Dangers of drinking during pregnancy and foetal alcohol spectrum disorders

Drinking while pregnant can cause physical, mental, behavioural and learning disabilities in children.

Shanice Klaasen’s mother was an alcoholic who died after being stabbed by thieves as she returned from a tavern early one morning. Shanice was 3.

That was 20 years ago, but Shanice, who now stays in Wynberg, continues to live with the choices her mother made while she was pregnant with her. She has foetal alcohol syndrome.

Foetal alcohol spectrum disorders (FASDs) are a range of conditions that can occur in an individual whose mother drank alcohol during pregnancy. These may include physical, mental, behavioural, and/or learning disabilities with possible lifelong implications. The most severe form of this is foetal alcohol syndrome (FAS).

On September 9, every year, the world observes International Fetal Alcohol Spectrum Disorders Awareness Day. Bells are rung at 9:09am in every time zone around the world and on the day, there are awareness drives about the plight of those who struggle with FASD.

The first International FASD Awareness Day was on September 9 1999. The day was chosen so that on the ninth day of the ninth month of the year, the world remembers that during the nine months of pregnancy, a woman should abstain from alcohol for their baby’s health.

The Association for Alcohol Responsibility and Education (Aware.org.za) describes FASD on its website as the leading cause of preventable birth defects and developmental disabilities in children around the world and is more common than Down syndrome, spina bifida and autism combined.

Ingrid Louw, CEO of Aware.org.za, says, “The really sad thing is that although the damage caused by FASD is permanent, it is 100% preventable. Any amount of alcohol can cause FASD, and all you need to do to prevent it is not drink when you are pregnant or trying to get pregnant.”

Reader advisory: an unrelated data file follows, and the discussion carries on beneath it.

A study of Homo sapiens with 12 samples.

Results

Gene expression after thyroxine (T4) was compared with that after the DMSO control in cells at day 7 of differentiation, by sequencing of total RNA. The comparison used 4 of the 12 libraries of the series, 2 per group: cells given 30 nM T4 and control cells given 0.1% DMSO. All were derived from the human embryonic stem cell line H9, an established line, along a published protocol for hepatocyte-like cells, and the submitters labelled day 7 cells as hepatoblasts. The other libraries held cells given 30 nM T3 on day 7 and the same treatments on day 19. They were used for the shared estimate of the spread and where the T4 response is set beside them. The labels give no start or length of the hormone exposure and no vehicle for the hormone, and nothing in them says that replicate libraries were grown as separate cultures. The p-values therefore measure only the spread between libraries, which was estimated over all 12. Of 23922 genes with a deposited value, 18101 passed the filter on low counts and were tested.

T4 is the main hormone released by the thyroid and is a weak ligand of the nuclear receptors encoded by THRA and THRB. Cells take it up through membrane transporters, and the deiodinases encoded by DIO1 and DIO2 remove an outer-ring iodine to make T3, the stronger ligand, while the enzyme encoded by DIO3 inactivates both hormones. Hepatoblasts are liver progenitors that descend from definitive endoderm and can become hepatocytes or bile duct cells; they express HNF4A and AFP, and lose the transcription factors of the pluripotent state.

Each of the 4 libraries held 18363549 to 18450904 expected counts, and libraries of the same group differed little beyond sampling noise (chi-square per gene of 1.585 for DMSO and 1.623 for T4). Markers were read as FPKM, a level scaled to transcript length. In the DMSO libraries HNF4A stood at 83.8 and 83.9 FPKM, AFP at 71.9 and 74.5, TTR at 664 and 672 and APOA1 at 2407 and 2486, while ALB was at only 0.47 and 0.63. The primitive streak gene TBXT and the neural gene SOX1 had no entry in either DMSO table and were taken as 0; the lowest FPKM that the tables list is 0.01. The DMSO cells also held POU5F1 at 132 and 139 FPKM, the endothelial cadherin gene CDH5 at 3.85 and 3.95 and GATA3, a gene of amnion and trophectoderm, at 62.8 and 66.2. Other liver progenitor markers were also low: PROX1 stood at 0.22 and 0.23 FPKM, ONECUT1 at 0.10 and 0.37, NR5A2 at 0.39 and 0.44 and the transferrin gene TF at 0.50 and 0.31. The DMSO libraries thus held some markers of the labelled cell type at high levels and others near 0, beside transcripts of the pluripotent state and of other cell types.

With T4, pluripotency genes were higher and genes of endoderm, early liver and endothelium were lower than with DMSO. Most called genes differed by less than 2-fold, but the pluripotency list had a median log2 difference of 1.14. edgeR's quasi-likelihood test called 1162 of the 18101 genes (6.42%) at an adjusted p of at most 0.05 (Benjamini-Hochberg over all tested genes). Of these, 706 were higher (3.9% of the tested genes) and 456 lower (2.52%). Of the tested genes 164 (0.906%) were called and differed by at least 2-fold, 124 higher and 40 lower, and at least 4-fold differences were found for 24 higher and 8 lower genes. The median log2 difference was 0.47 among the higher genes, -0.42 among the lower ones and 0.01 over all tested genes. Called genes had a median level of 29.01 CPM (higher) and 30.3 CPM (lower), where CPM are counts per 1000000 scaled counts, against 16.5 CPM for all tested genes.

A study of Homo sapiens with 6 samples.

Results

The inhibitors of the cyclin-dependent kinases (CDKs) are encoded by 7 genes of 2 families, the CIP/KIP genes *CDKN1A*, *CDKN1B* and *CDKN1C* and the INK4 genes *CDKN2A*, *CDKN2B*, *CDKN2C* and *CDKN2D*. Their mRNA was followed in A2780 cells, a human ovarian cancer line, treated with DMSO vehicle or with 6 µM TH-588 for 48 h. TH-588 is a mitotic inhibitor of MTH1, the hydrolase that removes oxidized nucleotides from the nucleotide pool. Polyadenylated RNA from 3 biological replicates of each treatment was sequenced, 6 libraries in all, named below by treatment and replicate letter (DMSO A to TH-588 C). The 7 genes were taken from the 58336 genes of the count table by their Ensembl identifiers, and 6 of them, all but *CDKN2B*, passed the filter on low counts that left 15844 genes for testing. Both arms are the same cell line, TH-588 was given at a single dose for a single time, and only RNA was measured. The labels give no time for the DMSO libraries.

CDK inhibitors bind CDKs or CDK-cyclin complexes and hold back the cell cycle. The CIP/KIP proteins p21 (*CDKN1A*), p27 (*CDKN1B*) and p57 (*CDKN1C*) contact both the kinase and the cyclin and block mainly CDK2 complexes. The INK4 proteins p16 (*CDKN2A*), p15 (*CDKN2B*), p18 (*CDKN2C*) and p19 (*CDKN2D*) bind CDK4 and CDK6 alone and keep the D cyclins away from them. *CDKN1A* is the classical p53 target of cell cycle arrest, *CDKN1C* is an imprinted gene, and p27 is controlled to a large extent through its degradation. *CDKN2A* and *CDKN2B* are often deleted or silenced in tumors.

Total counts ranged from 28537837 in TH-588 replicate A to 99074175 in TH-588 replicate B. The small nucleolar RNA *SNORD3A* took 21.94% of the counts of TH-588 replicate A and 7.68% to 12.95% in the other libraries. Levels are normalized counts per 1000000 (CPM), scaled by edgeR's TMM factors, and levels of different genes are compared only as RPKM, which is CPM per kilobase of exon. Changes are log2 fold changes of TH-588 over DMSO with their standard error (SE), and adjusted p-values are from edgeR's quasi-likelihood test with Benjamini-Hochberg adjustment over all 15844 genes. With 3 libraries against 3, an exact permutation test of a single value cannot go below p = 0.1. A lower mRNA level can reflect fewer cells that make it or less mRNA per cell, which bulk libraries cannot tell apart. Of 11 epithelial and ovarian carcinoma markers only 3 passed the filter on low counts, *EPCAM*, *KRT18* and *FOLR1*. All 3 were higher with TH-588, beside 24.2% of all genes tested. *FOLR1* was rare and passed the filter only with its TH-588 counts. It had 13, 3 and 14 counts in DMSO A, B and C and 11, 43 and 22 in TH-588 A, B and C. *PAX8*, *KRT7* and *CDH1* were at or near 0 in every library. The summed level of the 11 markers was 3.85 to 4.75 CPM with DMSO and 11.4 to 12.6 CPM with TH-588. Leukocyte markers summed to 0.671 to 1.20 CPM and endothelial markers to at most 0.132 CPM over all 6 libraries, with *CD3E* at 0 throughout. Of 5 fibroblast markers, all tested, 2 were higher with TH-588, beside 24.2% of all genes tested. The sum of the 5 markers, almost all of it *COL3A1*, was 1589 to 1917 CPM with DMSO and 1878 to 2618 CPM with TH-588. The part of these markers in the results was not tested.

FASDcanaffectanyone, irrespective of their socio-economic status.

Shanice, who grew up in a small town in the Eastern Cape called Berlin, with her grandmother, said many people did not understand her condition, and she was often labelled as a naughty child.

“I was born premature; my family says I was so small I was the size of Sunlight (the 500g soap bar).”

In primary school she faced taunts and bullying from the other children.

“They made jokes about me and called me mosquito because I was small and I was always jumping up and down, doing silly things.

“Many kids who have FAS are like me, small and hyper. I just couldn’t sit still and I was always getting into trouble with the teachers, I failed because I couldn’t concentrate.”

Shanice says she leaned towards the arts and sports in school because she struggled academically.

“My teachers encouraged me to do netball, swimming and drama so I could use all my energy there, and not be seen as the weird kid.”

She now works as a part-time swimming coach and call-centre agent.

Her condition also causes a strain in her relationships with people because she is often misunderstood, she says.

“Sometimes I make decisions that don’t even make sense to me, and later on, I’ll be like, ‘What the hell was that?’ Sometimes I really overreact, I’ll throw tantrums or have an outburst. I’ve always been like that, and people don’t understand that this is a mental thing. People will make me feel like I’m hard to love and be around. It’s not easy living with FAS.”

Shanice says although she often gets frustrated when she thinks about her mother, and how she drank when she was pregnant with her, she also understands that she was young and turned to alcohol because she could not deal with the hardships in her life.

“My mom had me when she was 19. I know that I wasn’t planned. My aunts also tell me that she was in denial about me at first, and I think that’s why she didn’t stop drinking (during the pregnancy). She went through a lot of abuse from boyfriends and other stuff, and she didn’t get the help she needed, so she drank for the wrong reasons. Turning to the bottle is never the answer.”

Shanice says she shares her story about FAS with people in her life because she hopes it will help them make better decisions about alcohol.

“People always ask me if I drink; yes, I do drink, but I’m responsible with it, and I would never want to put an innocent unborn
baby through what I’ve been through.”